Arte is not about the dialogue of cultures (this expression that is too hackneyed, too vague, an alibi of all precaution and conformity, and one void of meaning). It is the invention, the production of an unidentified cultural object, a chimera that, without the work of Arte, without its frenzied voluntarism, would not have existed or, at least, would not have sprung up in the same way or at the same time. It sprang from two national cultures, the shared dreams of contemporaries, let's say of the German, Wim Wenders, and French-speaking Jean-Luc Godard, or Pina Bausch and Lévi-Strauss, the crafting of this magnificent anthology, new, then, present in each of their two worlds although absent from their own bouquets and that we call, for lack of a better expression, European culture.

Moreover, this is not a cultural affair, but a political one. Yes, political! Inevitably and eminently political! It's called the "cultural channel, Arte", or "Arte cultural television". I myself just wrote "European culture". But that is sheer laziness of language, or the ruse of one who prefers to go forth masked in the war against the barbarians. For the issue is political when one creates images, thus an imagination, thus a soul, hence a shared identity, out of those of two countries. And I'd even go so far as to say that nothing was more political than this sovereign and slightly unreasonable decision, qualified by some we shall be kind enough not to mention here as an "inanity" or a "crime" or a bet that was "lost in advance", to craft something European through the shared efforts of two national workshops. The great European politics of the late 20th century? The first real evidence of leaving the age of nations and their deadly passions behind? The invention, at the very moment when the Berlin Wall came tumbling down, of this desire named Arte.

For I must emphasize the point. Arte is not the product of Europe, it is its crucible. Europe did not come first and then, because Europe had come into being, Arte. There is the construction of Arte which, like that of Babel, whose builders, Hegel said, were already the living image of which the tower would be the symbol and the center before the work was finished--there is, I should say, the construction of Arte which was, in itself and from day one, one of the fine and beautiful forges where we began to mint the spiritual currency of Europe. One should no longer say, "the genius of Europe, hence its incarnation in Arte", but "the body of Arte, its organs, its procedures--and through it, the inspiration of a bit of European genius". What other reality can we refer to in this way? Were there, are there, so many other living generators of Europe? Thank you, Arte.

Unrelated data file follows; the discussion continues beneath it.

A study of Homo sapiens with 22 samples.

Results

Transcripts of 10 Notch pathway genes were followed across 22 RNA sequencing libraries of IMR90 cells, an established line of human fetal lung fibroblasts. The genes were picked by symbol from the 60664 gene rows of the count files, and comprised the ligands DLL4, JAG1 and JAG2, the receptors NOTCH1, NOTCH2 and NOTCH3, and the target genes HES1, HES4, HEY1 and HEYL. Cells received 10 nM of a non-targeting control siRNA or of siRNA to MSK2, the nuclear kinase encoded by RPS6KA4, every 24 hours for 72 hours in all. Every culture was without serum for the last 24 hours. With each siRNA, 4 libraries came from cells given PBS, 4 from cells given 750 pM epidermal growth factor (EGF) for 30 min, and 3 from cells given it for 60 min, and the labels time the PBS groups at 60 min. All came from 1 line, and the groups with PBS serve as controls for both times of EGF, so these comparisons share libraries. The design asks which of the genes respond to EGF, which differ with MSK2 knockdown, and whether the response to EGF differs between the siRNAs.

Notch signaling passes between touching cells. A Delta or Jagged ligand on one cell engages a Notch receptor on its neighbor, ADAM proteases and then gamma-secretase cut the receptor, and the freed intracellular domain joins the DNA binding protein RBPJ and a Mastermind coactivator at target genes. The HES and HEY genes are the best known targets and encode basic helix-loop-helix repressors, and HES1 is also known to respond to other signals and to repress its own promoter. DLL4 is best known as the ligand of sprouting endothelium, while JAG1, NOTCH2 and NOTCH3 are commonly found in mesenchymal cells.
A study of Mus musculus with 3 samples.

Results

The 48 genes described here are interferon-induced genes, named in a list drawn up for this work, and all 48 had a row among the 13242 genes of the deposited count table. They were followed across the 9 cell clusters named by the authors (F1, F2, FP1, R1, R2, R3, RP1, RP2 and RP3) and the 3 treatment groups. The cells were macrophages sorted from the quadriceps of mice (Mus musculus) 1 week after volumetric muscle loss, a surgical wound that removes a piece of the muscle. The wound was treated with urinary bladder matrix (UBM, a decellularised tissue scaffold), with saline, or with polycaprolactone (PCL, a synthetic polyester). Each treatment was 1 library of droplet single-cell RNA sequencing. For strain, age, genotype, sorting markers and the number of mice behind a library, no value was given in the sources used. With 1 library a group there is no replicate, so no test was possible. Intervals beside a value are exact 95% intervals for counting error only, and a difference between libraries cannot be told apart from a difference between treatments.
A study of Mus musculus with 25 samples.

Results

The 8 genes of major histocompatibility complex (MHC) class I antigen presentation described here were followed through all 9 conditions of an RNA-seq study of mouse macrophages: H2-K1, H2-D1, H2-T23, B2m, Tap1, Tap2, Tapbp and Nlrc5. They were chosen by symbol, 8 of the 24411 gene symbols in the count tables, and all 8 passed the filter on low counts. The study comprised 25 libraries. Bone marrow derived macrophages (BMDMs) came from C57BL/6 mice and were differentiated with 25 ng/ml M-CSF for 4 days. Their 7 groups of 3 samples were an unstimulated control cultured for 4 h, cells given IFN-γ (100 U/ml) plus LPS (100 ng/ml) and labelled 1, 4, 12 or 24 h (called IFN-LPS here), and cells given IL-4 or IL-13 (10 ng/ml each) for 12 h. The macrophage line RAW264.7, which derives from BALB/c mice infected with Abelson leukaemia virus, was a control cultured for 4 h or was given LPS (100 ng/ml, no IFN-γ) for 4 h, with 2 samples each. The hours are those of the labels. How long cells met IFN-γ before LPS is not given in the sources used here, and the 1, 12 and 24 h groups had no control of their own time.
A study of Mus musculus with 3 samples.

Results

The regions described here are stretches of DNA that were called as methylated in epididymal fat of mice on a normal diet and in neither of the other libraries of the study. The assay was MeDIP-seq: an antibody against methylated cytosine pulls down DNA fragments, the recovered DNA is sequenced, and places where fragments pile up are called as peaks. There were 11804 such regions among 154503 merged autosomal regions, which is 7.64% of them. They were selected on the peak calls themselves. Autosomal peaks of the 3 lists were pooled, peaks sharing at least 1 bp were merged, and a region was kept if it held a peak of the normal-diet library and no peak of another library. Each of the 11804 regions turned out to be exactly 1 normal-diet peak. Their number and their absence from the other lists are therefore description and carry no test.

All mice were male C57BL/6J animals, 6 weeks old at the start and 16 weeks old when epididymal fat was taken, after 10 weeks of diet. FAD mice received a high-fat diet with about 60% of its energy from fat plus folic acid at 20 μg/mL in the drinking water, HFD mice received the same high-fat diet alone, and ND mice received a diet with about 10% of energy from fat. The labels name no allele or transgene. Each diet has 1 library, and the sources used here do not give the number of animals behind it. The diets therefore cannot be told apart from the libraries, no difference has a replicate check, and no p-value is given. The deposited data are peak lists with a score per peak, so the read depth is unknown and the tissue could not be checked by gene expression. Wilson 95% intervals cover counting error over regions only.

Europe is in a state of crisis? Filled with self-doubt and lacking confidence in its own institutions? In its budgets and its criteria of convergence? In its rules? Its values? That's OK. Arte is hanging on. Arte prevails. In a Europe whose bearings are shaky, Arte remains a zone of stability, a fixed point, the cyclone's eye, an anchor. In the midst of a Europe each of us has finally understood might cease to be, or retreat, or even fall apart, Arte becomes a solid pillar and one, for the moment, without equal. How strange it is. To begin in improvisation and doubt, not knowing exactly where one is going nor if it is reasonable to start down this path. And to find oneself, two decades later, holding an ark of Europe. For us, the Germans and the French together, this is the divine surprise of Arte.

Why only the French and the Germans? And what can one say of this often-deplored failure to extend further south, north, and even east? It is by no means certain that this is a failure. Not at all. For, if there is a failure of Europe, it is, at present, that of its ill-thought-out, ill-planned, and perhaps precipitous extension. And if there is a response to this failure, a remedy to this extension, it can only be in a stronger intention, an increased intensity--and thus, a scaled-down European project, one that is narrower, precisely, like Arte. Otherwise put, what Europe of the 27 has gained in breadth it has lost in thought regarding itself and its principles. And to recover what Europe has lost, to regain some of the terrain of thought it has given up, perhaps it would be good to refocus on the fundamentals of the two-wheeled Franco-German motor. Perhaps it was inevitable -- perhaps it still is -- to plough the furrow in which, ever since the Reformation, and then the French Revolution, up until and including Arte, their paradoxical toing and froing has never ceased to be the beating heart of Europe.

To defend and to celebrate Arte. To protect, reinforce the improbable body which has become like the head of the sick man that is Europe today. This is the heritage of these twenty years. This is the task that will fall to those who pursue the adventure, whoever they may be. It will be their honor and their chance. For, in times ahead, there will not be many other opportunities to be truly faithful to the glorious promise of our fathers.